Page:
Former top All Blacks donate brains for research

Newstalk ZB / Dylan Cleaver, NZ Herald,
Publish Date
Fri, 6 Dec 2019, 3:14PM
Former Junior All Blacks player John Williams. Photo / Alan Gibson

Former top All Blacks donate brains for research

Newstalk ZB / Dylan Cleaver, NZ Herald,
Publish Date
Fri, 6 Dec 2019, 3:14PM

The families of top former All Blacks are likely to donate their loved ones' brains to research so the effect of head impacts in sport can be studied.

New Zealand's only human brain bank is today launching a collaboration with the US-based Concussion Legacy Foundation for the research into sport's influence on brain health and brain disease.

An extension to the Centre for Brain Research at the University of Auckland will collect from donors who have played contact sports like rugby, league and boxing, and others such as football, whether or not they have experienced concussion.

More specifically, they will be looking for signs of CTE, a degenerative brain disease that has been linked to repetitive brain trauma in contact sport athletes.

The families of many former rugby players, including All Blacks, have already indicated they are likely to donate.

Former Junior All Black John "JJ" Williams has committed his brain. He is planning to attend today's launch and said it was a "massive chance to try to understand what is happening with me".

Williams, 62, was knocked out many times during his first-class career as a lock in the late 70s and 80s, and has suffered from memory loss, mood swings and chronic headaches over the past decade.

In 2016, the Herald uncovered a cluster of players from Taranaki's successful Ranfurly Shield side of the 1960s, including All Blacks Ross Brown and Neil Wolfe, who had either died from or were living with dementia.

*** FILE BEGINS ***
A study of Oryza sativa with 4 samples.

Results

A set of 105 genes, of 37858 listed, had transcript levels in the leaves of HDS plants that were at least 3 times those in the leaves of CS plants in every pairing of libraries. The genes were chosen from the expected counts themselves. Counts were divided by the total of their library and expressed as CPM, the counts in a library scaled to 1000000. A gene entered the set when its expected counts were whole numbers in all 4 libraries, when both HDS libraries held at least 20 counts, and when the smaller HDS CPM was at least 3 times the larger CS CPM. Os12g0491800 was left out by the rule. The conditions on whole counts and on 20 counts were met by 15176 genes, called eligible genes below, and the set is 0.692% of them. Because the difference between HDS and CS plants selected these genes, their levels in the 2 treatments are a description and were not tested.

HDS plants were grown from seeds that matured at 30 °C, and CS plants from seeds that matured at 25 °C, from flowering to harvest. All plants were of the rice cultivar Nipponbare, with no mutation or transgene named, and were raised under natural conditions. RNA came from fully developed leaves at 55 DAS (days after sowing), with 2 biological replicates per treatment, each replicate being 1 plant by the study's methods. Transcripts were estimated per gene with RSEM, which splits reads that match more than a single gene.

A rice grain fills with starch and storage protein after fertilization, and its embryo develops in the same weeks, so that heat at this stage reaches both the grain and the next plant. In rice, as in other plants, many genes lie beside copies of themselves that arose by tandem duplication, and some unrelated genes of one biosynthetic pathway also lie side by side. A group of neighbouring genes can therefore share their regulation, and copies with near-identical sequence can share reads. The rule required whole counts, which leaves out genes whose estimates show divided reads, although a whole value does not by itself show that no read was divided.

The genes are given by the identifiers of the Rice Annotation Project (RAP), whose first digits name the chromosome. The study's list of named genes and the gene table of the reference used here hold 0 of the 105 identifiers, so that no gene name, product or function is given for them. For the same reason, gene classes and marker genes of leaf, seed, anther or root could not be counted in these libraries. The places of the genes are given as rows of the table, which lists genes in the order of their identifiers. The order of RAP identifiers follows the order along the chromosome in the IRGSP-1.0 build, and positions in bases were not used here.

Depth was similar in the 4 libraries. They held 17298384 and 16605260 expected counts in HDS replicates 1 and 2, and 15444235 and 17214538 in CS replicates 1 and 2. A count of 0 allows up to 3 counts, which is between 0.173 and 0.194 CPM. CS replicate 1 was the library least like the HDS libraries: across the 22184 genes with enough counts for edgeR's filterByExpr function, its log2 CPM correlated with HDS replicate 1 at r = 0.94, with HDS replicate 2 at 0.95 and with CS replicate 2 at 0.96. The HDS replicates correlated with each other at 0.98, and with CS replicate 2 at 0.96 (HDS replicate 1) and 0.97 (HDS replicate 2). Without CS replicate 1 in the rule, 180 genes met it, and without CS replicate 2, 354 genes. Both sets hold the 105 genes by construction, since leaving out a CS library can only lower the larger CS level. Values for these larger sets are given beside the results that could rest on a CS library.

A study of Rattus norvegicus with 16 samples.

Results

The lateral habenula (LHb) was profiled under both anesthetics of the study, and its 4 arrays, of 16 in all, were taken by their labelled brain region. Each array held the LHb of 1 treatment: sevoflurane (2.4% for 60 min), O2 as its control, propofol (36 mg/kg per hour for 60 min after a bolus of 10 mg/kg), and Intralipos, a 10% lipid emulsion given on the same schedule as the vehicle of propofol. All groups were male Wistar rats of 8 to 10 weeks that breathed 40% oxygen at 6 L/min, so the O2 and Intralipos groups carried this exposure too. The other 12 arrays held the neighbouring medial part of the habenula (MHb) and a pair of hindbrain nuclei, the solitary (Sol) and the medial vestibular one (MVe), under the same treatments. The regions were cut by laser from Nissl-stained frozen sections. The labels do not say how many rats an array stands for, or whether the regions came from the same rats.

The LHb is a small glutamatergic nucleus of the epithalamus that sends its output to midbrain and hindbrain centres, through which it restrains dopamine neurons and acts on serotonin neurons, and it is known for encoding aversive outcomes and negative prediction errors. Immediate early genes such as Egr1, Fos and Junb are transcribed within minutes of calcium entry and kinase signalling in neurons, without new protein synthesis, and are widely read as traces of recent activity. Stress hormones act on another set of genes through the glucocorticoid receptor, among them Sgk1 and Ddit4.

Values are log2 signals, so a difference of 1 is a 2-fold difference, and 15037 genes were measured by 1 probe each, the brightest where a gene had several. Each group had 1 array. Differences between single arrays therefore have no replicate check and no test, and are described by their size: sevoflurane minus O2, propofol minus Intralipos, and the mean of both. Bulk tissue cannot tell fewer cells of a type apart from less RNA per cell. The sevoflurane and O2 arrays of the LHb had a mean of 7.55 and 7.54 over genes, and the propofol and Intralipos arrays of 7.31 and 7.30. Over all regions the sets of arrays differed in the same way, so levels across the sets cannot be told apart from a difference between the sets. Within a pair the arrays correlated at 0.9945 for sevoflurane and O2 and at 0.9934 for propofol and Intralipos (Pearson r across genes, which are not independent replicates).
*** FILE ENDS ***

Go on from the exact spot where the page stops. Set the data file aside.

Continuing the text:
Legendary All Black Waka Nathan then spoke to the Herald about his struggle with dementia.

Wolfe's eldest son Todd will be attending the launch, and Nathan's daughter said his family would be at the launch.

That story quickly mushroomed as many families of international, representative and club rugby wrote in to tell their stories of living with a relative with dementia.

Many wondered whether it had been the sport they loved that had led to the illness.

The New Zealand Sports Human Brain Bank Initiative will be led by internationally recognised neuroscientist, distinguished professor Sir Richard Faull.

The work will feed into the Concussion Legacy Foundation Global Brain Bank. The CLF is led by co-founder Dr Chris Nowinski, a former pro wrestler and college American footballer, who was forced to retire early after suffering repeated concussions.

The charity's most recognised collaboration has been with Boston University, whose research team led by Dr Ann McKee has diagnosed more than 400 cases of CTE. More than 100 former NFL players are among that number.

Rugby players in the US and Australia have been diagnosed but none in New Zealand.

"We are thrilled that Sir Richard Faull and the impressive team at the University of Auckland Centre for Brain Research are joining the fight against CTE," said Nowinski.

"The global sports community needs top scientists studying our brains so we can learn to diagnose and treat this disease."

According to ACC statistics, 21 per cent of brain injuries in New Zealand happen through sport. In 2018, more than 9000 reported concussions were in young people 19 years or under.

"With a large focus on contact sports in our culture, it's important that New Zealand is part of this global conversation and that our sports people are included and have access to relevant research results," Faull said.

"We join a growing global network of international brain banks in Australia, Brazil and the United States who offer this research. We're proud to partner with them to better understand the impact on the brain."

Also attending the conference is Dr Michael Buckland, who heads a similar brain bank established in Sydney last year.

"I hope that by working together we can make a uniquely Antipodean contribution to international collaborative efforts to understand, treat and prevent CTE," Buckland said.

New Zealand Rugby has established its own study into whether its players are at greater risk of neurodegenerative brain diseases than the general population.

Led by scientist Ken Quarrie, they have established a rugby cohort that they can feed into the Department of Statistics Integrated Data Infrastructure.